When my oldest was young, we dreaded school beginning. Soon it would start again. She would come home sobbing, “They called me dumb!”. By the end of second grade, she knew she was “dumb”.
My heart ached to see someone so young already without hope. I prayed and studied all I could about those who have difficulty learning. I found myself remembering my own struggles in elementary school, and wondering why the Lord had not blessed me as others. I was startled out of my self-pitying mood, as these words filled my mind, “You have not understood. These are not your weaknesses, but the strengths I have given you.”.
From that moment, I sought to better understand the Lord’s perspective. I read from Romans 12:6 how we all have “gifts differing”. In I Corinthians 12, Paul explains how we are all like different parts of a body; each equally important and essential. I felt uplifted when I read the 46th section of the D&C where the Lord explains how we are each given different gifts so we can help each other.
As our family became complete, we found it filled with a wide diversity of abilities. This made family unity challenging. One logical child could see no value in another sibling’s creative abilities. An outgoing child could not understand a quiet soul’s need to have time to think and ponder. Another declared that studying was a “waste of time” for the only effective “way to learn was by doing”.
Drawing from the Gospel plan, and our backgrounds in education, we discovered some ideas which helped strengthen our family, and protect our children from discouragement in school.
Teach Gospel Truths
Remind children that our purpose in life is to learn and grow.
The Holy Ghost can help us progress.
The Lord has also given us families, and expects us to help each other.
The Lord loves each of us equally.
He has given all of us gifts which he expects us to share.
Different situations in life require different abilities.
Elementary school requires primarily the concrete ability of working with letters and numbers. Our son who easily memorized words, names of States, and multiplication tables, soared.
In the higher grades, more and more emphasis is placed on understanding. This is why our “soaring son” from elementary school occasionally “crashed” in high school. As he declared, “How should I know what it means!?” At this point, he needed extra help in developing this ability.
We try to help our children identify and appreciate which abilities are being used in any activity by using words such as:
“He sure is gifted with his hands. Look at that beautiful cabinet!”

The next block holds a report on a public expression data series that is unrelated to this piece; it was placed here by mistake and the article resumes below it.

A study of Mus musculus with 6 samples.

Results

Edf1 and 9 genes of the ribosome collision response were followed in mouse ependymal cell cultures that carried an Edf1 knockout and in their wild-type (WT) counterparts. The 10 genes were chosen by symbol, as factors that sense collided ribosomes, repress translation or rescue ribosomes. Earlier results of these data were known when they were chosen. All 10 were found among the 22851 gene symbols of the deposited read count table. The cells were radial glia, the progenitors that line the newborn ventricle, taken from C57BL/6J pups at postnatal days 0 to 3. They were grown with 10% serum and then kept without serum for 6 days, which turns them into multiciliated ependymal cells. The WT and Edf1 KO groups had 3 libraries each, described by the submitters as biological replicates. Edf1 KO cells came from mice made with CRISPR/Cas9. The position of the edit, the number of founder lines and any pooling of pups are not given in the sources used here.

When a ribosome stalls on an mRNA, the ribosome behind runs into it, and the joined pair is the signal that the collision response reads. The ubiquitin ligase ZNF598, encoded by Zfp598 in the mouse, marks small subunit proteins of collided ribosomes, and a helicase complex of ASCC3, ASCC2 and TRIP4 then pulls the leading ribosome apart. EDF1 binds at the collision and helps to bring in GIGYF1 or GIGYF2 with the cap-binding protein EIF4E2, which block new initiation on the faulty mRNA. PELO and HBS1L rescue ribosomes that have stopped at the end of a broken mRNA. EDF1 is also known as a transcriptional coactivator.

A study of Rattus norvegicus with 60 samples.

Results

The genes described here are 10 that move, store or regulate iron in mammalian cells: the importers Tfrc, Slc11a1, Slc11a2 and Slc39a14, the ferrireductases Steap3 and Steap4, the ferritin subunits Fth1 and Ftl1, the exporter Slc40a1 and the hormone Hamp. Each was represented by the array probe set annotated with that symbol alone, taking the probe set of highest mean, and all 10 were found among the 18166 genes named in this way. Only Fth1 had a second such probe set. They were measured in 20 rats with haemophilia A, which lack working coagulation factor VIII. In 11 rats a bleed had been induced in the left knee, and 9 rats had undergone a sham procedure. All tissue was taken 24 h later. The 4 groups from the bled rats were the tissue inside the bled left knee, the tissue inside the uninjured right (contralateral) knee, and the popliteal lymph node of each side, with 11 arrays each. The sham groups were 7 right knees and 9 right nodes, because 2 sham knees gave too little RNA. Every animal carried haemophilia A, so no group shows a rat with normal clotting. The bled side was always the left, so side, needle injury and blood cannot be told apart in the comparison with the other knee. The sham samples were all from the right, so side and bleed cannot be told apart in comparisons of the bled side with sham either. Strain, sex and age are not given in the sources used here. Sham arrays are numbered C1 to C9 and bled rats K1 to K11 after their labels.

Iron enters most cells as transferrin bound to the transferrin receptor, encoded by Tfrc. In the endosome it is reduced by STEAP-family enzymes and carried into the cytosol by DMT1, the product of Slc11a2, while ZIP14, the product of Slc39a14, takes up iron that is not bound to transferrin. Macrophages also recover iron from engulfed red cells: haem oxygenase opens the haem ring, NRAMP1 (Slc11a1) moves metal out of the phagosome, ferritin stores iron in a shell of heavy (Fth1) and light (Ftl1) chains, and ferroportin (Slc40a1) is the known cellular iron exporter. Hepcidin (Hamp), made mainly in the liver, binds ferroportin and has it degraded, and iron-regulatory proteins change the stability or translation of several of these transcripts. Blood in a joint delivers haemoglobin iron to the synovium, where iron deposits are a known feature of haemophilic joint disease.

“What a great painting! She must have worked hard to develop that talent.”
Don’t Use Labels
We also try never to use labels, but instead, attempt to identify specific gifts.
When a child says, “He is so smart!” We might reply, “Yes, he certainly has a great ability to memorize the times tables. That is a nice gift to have.”
We find helping our children identify and develop their own talents helps them increase their self confidence, and be less competitive with others.
Such things as having s bulletin board where awards can be posted, and attending their performances has helped to give them the positive attention they need.
Don’t Allow Excuses
A son, hoping to get out of an English assignment, announced that he wasn’t creative. We reminded him that he would just have to work harder when something doesn’t come easily to him. Perhaps he might need to pray, and seek help from someone who was gifted in this area, but he still had to do the work.
Set Reasonable Expectations
If the child is becoming overwhelmed, it may be time for the parent and the teacher to evaluate what are reasonable expectations for this child. For a child who laborious fights his way through one page, requiring him to read a 300 page book could be devastating.
Also, the child may need extra assistance in learning. They may need help in developing little used abilities, or in learning how to use their strengths to help them cope in their areas of weakness. When we accept the child strengths and weaknesses, and teach him in the way he needs to learn, then we are showing our respect for them as children of God.
We need to remember that our child is in school to help him develop his unique potential. When we try to see our child as the Lord sees him, instead of as through a narrow worldly perspective of “smart” or “gifted”, then we are better able to help our child progress.
Some children may be weak in the few specific abilities which are emphasized in a school setting, but they do not have to become discouraged. They can still develop a strong sense of self worth, if we, as parents, help them to know they are sons and daughters of God who have each been given different gifts.